Saturday, April 18, 2015

The Importance of a Calendar to Planning News Coveage

It was probably my two-year stint assigning stories for KMSP-TV in the Twin Cities that made me appreciate how vital a simple calendar is to planning the day's news. When I worked for newspapers, we looked ahead a week at a time and got a general idea of what we were going to cover, but in the Channel 9 newsroom, I had to fill a white board with enough assignments each morning to fill our one-hour broadcast each night at 9.

That day-focused mentality came to mind last Wednesday when, in my weekly critique, I wondered why neither the print paper nor the website had stories on April 15 about the income tax deadline or the Associated Students elections, both of which fell on that day.

As a TV assignment editor, I started my morning asking myself: "What are we going to have on the show tonight?" It's a question everyone at The Orion should be asking every morning, too.

Here are a few suggestions for everyone responsible for content in the paper and on the website (which means "everyone who works for the paper").

A Calendar File Drawer or Online Calendar
One drawer in my desk at the station had 31 file folders labeled with numbers 1 to 31. Each represented a day of the month. When I got a call, a news release or some other notification about an event in our coverage area, I would file in the folder for that date the release or a note to myself with the essential details and contact information. 

The last hour of my day, I would take out the file folder for the next day's date and see what I'd put away. I'd also look at my regular, standard calendar to see if the following day was a holiday or had some other special significance (such as tax-filing day or the anniversary of a note-worthy historical event or story) and make phone calls to set up interviews for the following day.

A Daily White Board
Those stories would find their place the next morning on a white board hanging on the wall next to my desk. While a daily runsheet can be kept in Google Sheets or another on-computer application, I think it's essential to have a list of the day's stories posted in a prominent place in the newsroom so everyone knows what's being planned and who's responsible for getting it done and posted or published.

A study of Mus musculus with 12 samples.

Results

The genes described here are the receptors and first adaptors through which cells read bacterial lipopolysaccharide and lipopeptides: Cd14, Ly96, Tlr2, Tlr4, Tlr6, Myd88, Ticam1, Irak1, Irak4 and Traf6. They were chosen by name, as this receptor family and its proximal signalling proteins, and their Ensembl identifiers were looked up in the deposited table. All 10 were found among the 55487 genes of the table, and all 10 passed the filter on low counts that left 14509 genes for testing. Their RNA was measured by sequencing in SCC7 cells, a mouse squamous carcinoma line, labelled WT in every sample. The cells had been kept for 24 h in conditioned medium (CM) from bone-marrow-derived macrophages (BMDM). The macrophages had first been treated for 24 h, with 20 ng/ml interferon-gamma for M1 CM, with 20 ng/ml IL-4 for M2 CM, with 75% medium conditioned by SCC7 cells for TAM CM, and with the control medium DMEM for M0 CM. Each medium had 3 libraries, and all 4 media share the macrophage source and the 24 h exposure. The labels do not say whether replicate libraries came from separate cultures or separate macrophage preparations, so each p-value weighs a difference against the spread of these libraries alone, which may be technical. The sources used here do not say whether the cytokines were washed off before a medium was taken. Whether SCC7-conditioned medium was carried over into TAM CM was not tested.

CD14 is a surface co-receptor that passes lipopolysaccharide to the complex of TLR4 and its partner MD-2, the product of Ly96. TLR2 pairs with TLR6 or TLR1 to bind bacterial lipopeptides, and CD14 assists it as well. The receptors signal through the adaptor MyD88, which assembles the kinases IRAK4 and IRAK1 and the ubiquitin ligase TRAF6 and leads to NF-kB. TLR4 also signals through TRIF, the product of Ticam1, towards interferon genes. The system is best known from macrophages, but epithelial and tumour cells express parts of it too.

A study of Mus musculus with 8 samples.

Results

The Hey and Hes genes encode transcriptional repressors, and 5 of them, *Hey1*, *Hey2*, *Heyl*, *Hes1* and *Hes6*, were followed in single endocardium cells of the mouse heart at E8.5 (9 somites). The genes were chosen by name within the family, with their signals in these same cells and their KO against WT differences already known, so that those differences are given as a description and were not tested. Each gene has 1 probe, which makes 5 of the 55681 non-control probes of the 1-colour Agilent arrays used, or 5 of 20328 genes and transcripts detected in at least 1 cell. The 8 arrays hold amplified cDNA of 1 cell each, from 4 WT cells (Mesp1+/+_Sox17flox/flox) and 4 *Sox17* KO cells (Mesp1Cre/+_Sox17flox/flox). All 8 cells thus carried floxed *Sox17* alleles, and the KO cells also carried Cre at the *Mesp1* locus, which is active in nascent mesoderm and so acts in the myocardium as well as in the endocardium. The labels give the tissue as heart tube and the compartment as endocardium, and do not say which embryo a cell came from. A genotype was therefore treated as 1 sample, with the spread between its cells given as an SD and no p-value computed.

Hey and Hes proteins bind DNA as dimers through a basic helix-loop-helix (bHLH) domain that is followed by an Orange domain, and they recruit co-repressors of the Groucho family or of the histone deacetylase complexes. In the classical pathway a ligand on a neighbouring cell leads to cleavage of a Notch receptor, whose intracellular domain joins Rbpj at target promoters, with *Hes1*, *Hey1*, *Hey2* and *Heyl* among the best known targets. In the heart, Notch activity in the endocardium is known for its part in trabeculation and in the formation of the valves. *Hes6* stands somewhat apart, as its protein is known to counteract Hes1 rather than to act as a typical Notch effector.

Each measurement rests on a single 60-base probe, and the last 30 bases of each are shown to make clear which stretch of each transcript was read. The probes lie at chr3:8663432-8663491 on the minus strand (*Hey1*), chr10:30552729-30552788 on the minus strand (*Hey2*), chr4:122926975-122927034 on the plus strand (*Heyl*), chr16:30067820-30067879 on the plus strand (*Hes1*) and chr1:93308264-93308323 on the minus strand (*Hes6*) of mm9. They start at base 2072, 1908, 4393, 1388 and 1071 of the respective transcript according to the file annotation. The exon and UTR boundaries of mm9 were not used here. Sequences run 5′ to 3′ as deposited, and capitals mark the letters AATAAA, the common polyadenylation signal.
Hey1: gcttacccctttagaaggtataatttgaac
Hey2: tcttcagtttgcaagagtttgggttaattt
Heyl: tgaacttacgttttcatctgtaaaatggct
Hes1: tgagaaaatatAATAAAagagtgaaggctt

As a TV assignment editor, I filled in a grid that listed columns for shift, story slug, story format and reporter-videographer team. We had only one newscast at the time, so posting a deadline wasn't necessary, but I would add that column in an online newsroom today.

Using a white board is a good idea because news changes quickly in a broadcast newsroom just as it should in a digital-first newsroom. New stories squeeze out less vital old ones and crews are reassigned so the freshest, most important news ends up being covered. Because it was right next to my desk, I could change the line-up and assignments instantly, and the producers who sat across the room could see how their show was going to change in real time.

Share Responsibility With Reporters
The temptation in TV news -- at least in my newsroom, but I know it was true in many others -- was to let the assignment editor or editors set the day's schedule and keep the runsheet fresh. That seemed odd to me because I started my career in newspapers, where reporters ran regular beats and took responsibility for knowing what was happening on them and for letting the editors know what stories they were planning. Story ideas mostly trickled up from reporters, not down from editors.

Reporters who didn't do that were the go-to victims of news editors who came to work with an idea for a story or who got a phone call from a reader with a story idea. That's not always bad -- it's the way breaking news gets covered in practically all newsrooms -- but I learned early on to always be working on at least three solid stories so I didn't have to pick up a stinker and spend my day running down a story I didn't want to report or write.

The editors' jobs in a digital-first newsrooms such as The Orion's are hard enough without the added responsibility of coming up with every story idea. And it should be obvious that people who generally sit in newsrooms to do their jobs are a lot less aware of what's happening in the world than reporters who are running beats, driving around town or walking across campus. In an ideal newsroom, reporters would fill Camayak or another content management system with more than enough story pitches to provide fresh content daily for the website. More, they should be doing that when they come up with the ideas, not once a week when they're under the deadline pressure of a weekly story meeting.

One more suggestion One of the great things about the 21st century is that news organizations can rely on their audiences to provide story ideas. The Orion should be thinking about:
• Setting up one of its phone lines with a message recorder as a tip line and advertise it in the paper, online and on The Orion app inviting readers to contribute ideas or provide news tips.
• Designating a person in the newsroom to be the receiver of story ideas from anyone on the staff, including the cartoonists, the ad staff and the copy desk.
• Using social media to invite audience members to suggest ideas for coverage and crowdsource stories. What would the Cesar Chavez Day coverage have looked like if readers had been invited to tweet, Facebook message or post an Instagram photo with a special tag before, during and after the event?